Colum McCann's expansive new novel, his first since 2009's National Book Award-winning "Let the Great World Spin," opens with an extraordinary image of gulls dropping oyster shells onto the slate roof of an isolated lakeside cottage in Northern Ireland.

It foreshadows the strengths of the narrative he is about to unfold. When McCann is engaged with the particularities of place and character, on either side of the Atlantic, he is in the premier league of contemporary novelists. Whether he is imagining the cold beauty of ice farming in the post-Civil War Midwest or the unlikely visit of the great abolitionist Frederick Douglass to hungry Ireland earlier in the same century, McCann is both meticulous and sympathetic.

Paradoxically, within this constellation of Irish-American stories, it is the more recent past that is trickier to imagine. The most daring and compelling section of the novel sees us following Sen. George Mitchell to Belfast to referee the 1998 Good Friday Accords, the peace agreement that allowed a slow, humane melt of a deep political freeze to begin.

As he's shown before with his elemental story, "Everything in This Country Must," Northern Ireland galvanizes McCann's writing. He approaches that often-fraught subject with a necessary combination of tact and boldness that few other writers, British or Irish, Northern or Southern, have matched. Here, through the subtle Mitchell, he's also able to take a shrewd long view of Anglo-Irish relations: "They are stuck now on a point of language. The British and their words. The Irish and their endless meanings. How did such a small sea ever come between them?"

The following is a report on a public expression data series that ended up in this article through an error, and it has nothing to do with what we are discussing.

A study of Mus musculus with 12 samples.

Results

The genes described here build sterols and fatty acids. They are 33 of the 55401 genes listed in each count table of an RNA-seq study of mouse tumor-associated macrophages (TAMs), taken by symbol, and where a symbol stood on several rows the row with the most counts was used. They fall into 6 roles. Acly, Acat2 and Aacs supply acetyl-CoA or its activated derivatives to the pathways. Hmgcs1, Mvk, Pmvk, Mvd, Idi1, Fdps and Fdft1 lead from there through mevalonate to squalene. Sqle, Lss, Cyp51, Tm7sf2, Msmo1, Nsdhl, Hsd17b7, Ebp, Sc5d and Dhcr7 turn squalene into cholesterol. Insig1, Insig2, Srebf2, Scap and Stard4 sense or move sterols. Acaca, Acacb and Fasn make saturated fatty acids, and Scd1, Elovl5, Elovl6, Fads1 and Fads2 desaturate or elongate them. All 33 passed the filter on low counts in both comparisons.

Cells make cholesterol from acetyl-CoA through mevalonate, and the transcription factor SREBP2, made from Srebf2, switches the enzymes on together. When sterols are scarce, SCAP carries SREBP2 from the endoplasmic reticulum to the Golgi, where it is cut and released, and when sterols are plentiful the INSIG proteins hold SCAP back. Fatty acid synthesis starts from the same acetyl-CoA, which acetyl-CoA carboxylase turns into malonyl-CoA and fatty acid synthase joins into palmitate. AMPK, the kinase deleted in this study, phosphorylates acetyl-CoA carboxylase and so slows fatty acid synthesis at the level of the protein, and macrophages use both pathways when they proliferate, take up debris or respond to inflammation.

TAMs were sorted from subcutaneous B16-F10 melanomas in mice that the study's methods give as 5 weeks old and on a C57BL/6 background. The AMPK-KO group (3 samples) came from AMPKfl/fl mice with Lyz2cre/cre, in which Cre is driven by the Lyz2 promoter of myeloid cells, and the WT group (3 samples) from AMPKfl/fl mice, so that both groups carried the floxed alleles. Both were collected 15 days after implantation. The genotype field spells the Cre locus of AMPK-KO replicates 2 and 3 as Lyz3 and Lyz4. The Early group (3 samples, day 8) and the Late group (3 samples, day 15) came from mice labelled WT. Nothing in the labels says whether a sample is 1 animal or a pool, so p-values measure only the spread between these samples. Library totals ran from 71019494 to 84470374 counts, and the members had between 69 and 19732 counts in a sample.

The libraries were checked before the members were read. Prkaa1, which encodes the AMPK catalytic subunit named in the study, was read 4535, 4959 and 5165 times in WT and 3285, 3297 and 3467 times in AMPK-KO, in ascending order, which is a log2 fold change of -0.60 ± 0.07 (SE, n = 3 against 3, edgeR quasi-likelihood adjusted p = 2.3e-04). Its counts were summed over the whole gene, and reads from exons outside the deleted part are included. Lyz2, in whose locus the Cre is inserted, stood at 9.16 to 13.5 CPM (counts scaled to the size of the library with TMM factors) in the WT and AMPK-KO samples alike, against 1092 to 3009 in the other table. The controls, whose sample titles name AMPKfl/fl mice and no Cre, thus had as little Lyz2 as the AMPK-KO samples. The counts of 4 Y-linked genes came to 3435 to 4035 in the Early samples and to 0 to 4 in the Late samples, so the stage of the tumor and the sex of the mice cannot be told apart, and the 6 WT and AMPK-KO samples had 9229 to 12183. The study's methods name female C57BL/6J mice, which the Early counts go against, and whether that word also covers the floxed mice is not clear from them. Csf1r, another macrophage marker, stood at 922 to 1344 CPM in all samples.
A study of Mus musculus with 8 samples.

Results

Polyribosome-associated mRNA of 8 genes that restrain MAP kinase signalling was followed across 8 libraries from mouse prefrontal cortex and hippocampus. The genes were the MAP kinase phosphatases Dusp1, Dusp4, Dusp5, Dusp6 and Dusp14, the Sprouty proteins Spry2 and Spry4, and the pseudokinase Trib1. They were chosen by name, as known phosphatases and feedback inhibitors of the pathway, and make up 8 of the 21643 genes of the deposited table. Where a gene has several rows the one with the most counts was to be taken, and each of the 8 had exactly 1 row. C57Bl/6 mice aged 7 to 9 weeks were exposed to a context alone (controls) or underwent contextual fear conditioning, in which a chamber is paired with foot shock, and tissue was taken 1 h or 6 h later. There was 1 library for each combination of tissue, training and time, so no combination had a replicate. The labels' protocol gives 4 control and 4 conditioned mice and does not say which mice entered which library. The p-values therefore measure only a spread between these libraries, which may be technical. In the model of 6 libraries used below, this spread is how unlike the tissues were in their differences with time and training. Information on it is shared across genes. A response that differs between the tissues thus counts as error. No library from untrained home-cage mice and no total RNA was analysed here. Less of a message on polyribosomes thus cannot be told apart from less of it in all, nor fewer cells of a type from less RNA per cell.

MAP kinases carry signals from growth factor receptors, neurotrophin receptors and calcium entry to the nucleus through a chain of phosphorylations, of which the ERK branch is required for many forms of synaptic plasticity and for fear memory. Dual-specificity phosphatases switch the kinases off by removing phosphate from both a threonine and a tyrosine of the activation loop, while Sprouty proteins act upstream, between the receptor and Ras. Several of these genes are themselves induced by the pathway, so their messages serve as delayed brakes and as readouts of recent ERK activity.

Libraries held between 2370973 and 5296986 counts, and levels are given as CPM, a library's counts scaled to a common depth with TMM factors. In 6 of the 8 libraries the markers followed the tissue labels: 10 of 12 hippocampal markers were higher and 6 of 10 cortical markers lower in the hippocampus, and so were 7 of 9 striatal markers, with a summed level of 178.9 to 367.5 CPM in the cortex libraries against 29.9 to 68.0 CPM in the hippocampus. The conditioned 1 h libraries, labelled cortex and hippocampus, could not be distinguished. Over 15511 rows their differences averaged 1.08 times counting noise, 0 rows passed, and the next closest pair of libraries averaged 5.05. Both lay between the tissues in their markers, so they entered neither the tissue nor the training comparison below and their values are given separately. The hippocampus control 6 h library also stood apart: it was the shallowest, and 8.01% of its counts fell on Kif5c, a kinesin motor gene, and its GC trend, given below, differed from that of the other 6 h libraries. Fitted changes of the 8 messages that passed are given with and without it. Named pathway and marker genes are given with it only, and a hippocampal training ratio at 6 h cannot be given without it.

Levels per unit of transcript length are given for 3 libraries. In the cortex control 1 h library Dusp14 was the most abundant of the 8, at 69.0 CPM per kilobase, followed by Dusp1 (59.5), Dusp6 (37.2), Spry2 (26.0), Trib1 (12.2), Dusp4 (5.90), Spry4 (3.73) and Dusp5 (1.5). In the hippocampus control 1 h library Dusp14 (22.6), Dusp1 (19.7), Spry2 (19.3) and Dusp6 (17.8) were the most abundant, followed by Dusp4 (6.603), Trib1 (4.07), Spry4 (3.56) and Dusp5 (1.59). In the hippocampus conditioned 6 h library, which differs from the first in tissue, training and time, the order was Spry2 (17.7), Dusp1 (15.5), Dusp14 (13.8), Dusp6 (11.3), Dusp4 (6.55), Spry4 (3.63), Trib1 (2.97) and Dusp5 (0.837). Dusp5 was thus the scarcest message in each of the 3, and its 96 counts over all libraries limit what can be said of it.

This is an optimistic novel. "What a surprise it is when distance finally breaks," muses Emily Ehrlich, a Newfoundland journalist who is part of a maternal line of characters that threads the novel together. Ostensibly, she's talking about the derring-do of Alcock and Brown's 1919 pioneering transatlantic flight, but the distances bridged in the book are temporal and emotional, as well as geographical and political.

Not all of McCann's bridging strategies are entirely successful. When he gets away from the sure ground of the particular and into the peat bog of the general, the writing can turn a touch sententious: "We return to the lives of those who have gone before us, a perplexing Möbius strip until we come home, eventually, to ourselves."

I wish McCann had allowed the narrative correspondences to speak more for themselves and spent longer with the characters, given us even more of his imagination. There are some tentatively explored fictional avenues. We meet, briefly, a shabby philatelist, and McCann's last narrator, Hannah Tuttle, remarks, "Belfast is full of odd people who have hidden away from the Troubles: they live inside tiny spaces and enormous imaginations." Introductions, please.

It would have been grand if this world could have spun a little slower, longer.

Robert Cremins, author of "A Sort of Homecoming," teaches in the Honors College at the University of Houston.